The significance, or lack thereof, of Ryder Cup captains is one of golf’s great debates. Heck, entire books have been written on the topic. (If you’re keen, we point you to The Captain Myth: The Ryder Cup and Sport’s Great Leadership Delusion, by Richard Gillis.) No one can argue that the captains and their lieutenants don’t lack for duties — they pick players and shirt styles, set pairings and menus — but less clear is what actual impact they have on the result of the matches.
Yes, captains can help get their players get in the right frame of mind to play high-pressure golf in front of tens of thousands of roaring fans, but ultimately it’s up to the players to execute.
Earlier this week Phil Mickelson was asked to muse on the role of Ryder Cup vice-captain, a position he’ll assume for the first time at Whistling Straits next week. He responded with a story about Fred Couples, who is also serving on the 2021 squad as a vice-captain under Steve Stricker.
“I remember on the 18th hole at Memorial, the Presidents Cup in 2013, coming down the last match, we’re tied,” Mickelson said, referring to his and Keegan Bradley’s Saturday foursomes match against Jason Day and Graham DeLaet. “[Keegan] is up ahead of me walking with Captain Couples and I hit one in there about 12 feet.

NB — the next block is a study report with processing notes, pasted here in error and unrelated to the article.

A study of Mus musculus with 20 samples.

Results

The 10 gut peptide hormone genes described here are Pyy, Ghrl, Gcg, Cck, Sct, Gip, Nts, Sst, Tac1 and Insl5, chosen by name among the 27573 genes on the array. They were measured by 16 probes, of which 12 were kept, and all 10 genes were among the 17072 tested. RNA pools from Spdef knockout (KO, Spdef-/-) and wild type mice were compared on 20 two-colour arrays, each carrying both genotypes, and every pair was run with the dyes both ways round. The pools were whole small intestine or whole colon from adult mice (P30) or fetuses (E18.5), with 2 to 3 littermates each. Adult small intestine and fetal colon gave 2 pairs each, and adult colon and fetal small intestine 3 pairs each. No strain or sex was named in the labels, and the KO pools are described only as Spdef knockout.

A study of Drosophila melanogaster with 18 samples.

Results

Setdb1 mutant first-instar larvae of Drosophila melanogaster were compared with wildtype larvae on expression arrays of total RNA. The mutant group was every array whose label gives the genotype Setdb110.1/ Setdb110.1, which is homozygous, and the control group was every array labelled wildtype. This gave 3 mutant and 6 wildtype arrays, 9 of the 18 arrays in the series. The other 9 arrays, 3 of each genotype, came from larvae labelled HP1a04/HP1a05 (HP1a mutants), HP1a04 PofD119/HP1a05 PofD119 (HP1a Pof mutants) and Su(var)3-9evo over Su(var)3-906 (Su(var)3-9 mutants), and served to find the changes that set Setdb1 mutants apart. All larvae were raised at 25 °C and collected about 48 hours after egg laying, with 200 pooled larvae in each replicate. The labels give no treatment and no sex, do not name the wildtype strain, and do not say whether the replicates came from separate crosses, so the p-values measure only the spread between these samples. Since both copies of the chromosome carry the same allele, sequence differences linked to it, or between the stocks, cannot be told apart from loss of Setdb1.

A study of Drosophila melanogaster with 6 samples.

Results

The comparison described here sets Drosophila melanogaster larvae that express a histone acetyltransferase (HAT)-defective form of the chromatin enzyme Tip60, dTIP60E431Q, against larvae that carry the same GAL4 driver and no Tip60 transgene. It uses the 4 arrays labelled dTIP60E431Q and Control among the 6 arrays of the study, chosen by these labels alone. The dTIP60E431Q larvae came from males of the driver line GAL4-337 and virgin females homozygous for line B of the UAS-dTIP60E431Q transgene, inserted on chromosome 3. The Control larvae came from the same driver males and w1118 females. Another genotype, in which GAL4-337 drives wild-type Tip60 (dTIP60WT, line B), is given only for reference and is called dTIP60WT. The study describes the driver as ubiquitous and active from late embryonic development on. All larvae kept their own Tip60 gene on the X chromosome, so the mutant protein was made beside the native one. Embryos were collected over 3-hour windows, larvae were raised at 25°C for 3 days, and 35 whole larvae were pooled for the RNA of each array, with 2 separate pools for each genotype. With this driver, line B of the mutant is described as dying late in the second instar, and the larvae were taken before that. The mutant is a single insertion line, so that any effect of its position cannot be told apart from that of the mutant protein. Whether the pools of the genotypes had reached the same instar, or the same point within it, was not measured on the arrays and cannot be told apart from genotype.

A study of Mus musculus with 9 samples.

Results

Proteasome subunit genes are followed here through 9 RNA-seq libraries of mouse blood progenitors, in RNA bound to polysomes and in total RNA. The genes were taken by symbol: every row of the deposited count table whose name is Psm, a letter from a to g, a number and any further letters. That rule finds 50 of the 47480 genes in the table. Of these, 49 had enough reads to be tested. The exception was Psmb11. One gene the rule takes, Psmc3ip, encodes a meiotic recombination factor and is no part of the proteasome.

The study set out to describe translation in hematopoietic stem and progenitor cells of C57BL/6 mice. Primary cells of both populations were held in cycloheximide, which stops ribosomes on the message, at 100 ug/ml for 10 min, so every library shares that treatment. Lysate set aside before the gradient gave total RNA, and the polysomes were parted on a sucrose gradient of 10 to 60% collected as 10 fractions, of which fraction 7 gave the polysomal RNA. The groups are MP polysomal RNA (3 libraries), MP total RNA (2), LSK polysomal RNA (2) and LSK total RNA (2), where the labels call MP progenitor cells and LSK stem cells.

“Keegan’s nervous and Fred puts his arm around him and says, ‘Isn’t this the best? Like, this is the best moment, this is what we’re wanting to be, the position we’re wanting to be in. Isn’t this fun?’
“Keegan, you could see him just kind of breathe again, knocks that putt in. Graham DeLaet holed a chip shot right in front of him, Keegan knocks it right on top of him for a tie. There’s been a lot of great captains, but that’s an example of one thing where a captain can make a difference on a player’s emotional state.”
The U.S. went on to win that session, 3.5 to 1.5, and cruised to victory in the overall event, 18.5 to 15.5.
As for Mickelson’s role next week? Knowing Phil, you have to figure he’ll be active, from the Ping-Pong table to pep talks in decisive moments. On Sunday and Monday, he joined most of the U.S. squad in Kohler, Wisc., so the players could get familiar with the course.
“It’s fun to hang with the guys and to have that time together, but also to be able to now prepare for a week knowing what to expect, who you’re going to play with, golf balls, if you might change,” he said. “You have a week to get ready.”
And then it’s all up the players … and the captains?